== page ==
Anne Arundel Community College’s Entrepreneurial Studios Institute will be celebrating its 20th anniversary when it holds its next $100,000 Business Pitch Competition, a Shark Tank-styled contest that has funded almost $400,000 worth of prizes to more than 100 student winners, set for April 25.
To mark the occasion, Stephanie Goldenberg, academic chair, ESI, said “we’re amplifying our activities to our 400 Ratcliffe scholar program graduates, as well as its other students” who grew in various other directions.
Those hundreds of students who have completed the program completed six core courses to earn the 18-credit certification. They include the introduction; sales and marketing; management; accounting; legal; and new venture planning.
Part of the certificate program’s appeal is how easily it integrates into the regular requirements for an associate degree. “If someone is studying cybersecurity, photography, culinary health,” etc. said Goldenberg, “we work within every major. So we’re a great add-on to help students accomplish goals while starting a business, with the larger goal of supporting the local business base.”
The ESI arose from conversations between former AACC Professor Carlene Cassidy and the former dean Andy Meyer concerning “the need for better-rounded class offerings,” she said.
Around that time, Ratcliffe Foundation founders Philip Ratcliffe and wife Carole, who donated almost $25 million nationwide to similar scholarships and/or competitions, made a $1 million donation to AACC which, at that time, was the largest single gift to the college.
“About 25% of students who apply get the scholarship of up to $12,000,” said Cassidy, who in 2019 became CEO of the foundation, “because that’s the calculated cost of a two-year degree.” The curriculum also includes the requirement for an internship.
What Cassidy loves now, she said, “is seeing students we trained doing well. We keep in touch with them and use their businesses whenever possible. For instance, John Rosso (principal of Annapolis-based Rosso Commercial) found the Ratcliffe office space on West Street,” in Annapolis.
The ESI also has former students return “to mentor and even hire students” she said, “and some have also contributed to our efforts financially. It all comes full circle.”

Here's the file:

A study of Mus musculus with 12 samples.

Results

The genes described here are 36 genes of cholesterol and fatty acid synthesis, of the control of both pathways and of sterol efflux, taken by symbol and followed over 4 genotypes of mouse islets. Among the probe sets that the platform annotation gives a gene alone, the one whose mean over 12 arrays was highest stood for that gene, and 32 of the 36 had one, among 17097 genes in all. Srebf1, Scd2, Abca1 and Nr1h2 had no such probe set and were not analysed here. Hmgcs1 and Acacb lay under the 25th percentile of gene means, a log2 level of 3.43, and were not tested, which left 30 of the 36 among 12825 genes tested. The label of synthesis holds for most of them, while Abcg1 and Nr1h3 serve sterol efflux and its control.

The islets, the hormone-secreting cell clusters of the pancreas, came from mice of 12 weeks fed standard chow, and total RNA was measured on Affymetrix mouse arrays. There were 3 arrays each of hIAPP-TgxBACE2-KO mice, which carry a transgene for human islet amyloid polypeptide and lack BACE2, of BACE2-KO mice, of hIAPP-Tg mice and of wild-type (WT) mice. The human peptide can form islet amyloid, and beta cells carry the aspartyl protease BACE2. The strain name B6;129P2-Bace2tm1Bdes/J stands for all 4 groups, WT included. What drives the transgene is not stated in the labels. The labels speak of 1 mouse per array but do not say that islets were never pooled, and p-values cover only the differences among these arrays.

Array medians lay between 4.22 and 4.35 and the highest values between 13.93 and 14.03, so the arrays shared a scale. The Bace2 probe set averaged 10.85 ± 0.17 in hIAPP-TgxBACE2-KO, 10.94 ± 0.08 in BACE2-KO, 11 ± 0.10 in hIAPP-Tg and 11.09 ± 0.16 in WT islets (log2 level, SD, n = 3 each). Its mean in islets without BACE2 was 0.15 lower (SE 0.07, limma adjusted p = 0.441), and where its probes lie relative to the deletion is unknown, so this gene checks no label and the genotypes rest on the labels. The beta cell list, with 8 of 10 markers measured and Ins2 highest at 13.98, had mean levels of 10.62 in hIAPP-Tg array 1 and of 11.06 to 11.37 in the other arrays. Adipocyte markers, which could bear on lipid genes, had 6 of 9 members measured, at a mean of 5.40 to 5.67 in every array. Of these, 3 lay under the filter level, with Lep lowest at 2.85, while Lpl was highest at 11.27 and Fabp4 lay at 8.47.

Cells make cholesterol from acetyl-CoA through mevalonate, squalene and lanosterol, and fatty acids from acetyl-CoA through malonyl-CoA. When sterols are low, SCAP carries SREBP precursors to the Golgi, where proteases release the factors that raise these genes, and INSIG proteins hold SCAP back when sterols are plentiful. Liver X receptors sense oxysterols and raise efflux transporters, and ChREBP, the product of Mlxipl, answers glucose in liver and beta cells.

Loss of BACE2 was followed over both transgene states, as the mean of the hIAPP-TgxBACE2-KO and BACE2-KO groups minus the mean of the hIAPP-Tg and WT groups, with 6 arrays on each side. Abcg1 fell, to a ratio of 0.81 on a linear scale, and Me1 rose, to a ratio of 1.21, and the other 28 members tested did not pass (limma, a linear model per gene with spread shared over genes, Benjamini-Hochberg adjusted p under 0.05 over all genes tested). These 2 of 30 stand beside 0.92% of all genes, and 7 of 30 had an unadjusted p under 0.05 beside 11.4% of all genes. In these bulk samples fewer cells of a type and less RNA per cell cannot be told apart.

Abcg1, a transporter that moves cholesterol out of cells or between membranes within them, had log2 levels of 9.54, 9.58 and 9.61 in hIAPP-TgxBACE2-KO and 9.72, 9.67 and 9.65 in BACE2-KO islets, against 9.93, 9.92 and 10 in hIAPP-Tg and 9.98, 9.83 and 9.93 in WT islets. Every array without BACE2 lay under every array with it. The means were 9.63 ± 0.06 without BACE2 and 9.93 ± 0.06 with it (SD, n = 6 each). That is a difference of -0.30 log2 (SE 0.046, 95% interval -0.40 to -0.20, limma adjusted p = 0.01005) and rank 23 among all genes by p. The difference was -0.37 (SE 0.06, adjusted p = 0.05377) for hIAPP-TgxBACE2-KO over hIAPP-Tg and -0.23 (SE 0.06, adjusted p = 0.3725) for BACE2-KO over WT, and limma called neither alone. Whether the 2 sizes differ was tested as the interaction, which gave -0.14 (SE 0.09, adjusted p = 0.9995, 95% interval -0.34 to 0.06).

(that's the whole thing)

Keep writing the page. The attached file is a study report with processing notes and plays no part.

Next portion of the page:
Cassidy also credited AACC as a forerunner of the entrepreneurial education movement. “Twenty years ago, there were no textbooks on entrepreneurship. There may have been programs in about five places,” she said. “It just wasn’t a thing.
“Today, however, there are more than 20 books available and almost every college has a degree in this discipline,” said Cassidy. “Other colleges have followed our model before they set up their programs. AACC is recognized across the country as a leader.”
While Cassidy said she and Meyer may have kick started the ESI, she was quick to acknowledge how it “has become something exceptional under Goldenberg’s leadership.”
Goldenberg echoed Cassidy’s emphasis on the importance of keeping in touch with ESI’s grads. “We use their businesses whenever we can,” said. “We feel like we set them up well, so when we need a vendor at ESI, and sometimes even at the college, we look for them first.”
For instance, for the upcoming business pitch competition, ESI reached out to graduate Chow Inc., which is based on military veterans helping other vets acquire culinary skills and start food truck businesses.
Some of the alums are coming back to judge the competition, too. “Students don’t always understand how long-lasting” participating with the ESI is,” said Goldenberg. “For instance, we still reconnect to students when they celebrate their 10th anniversary.
“We’re still here,” she said, “and we don’t go away.”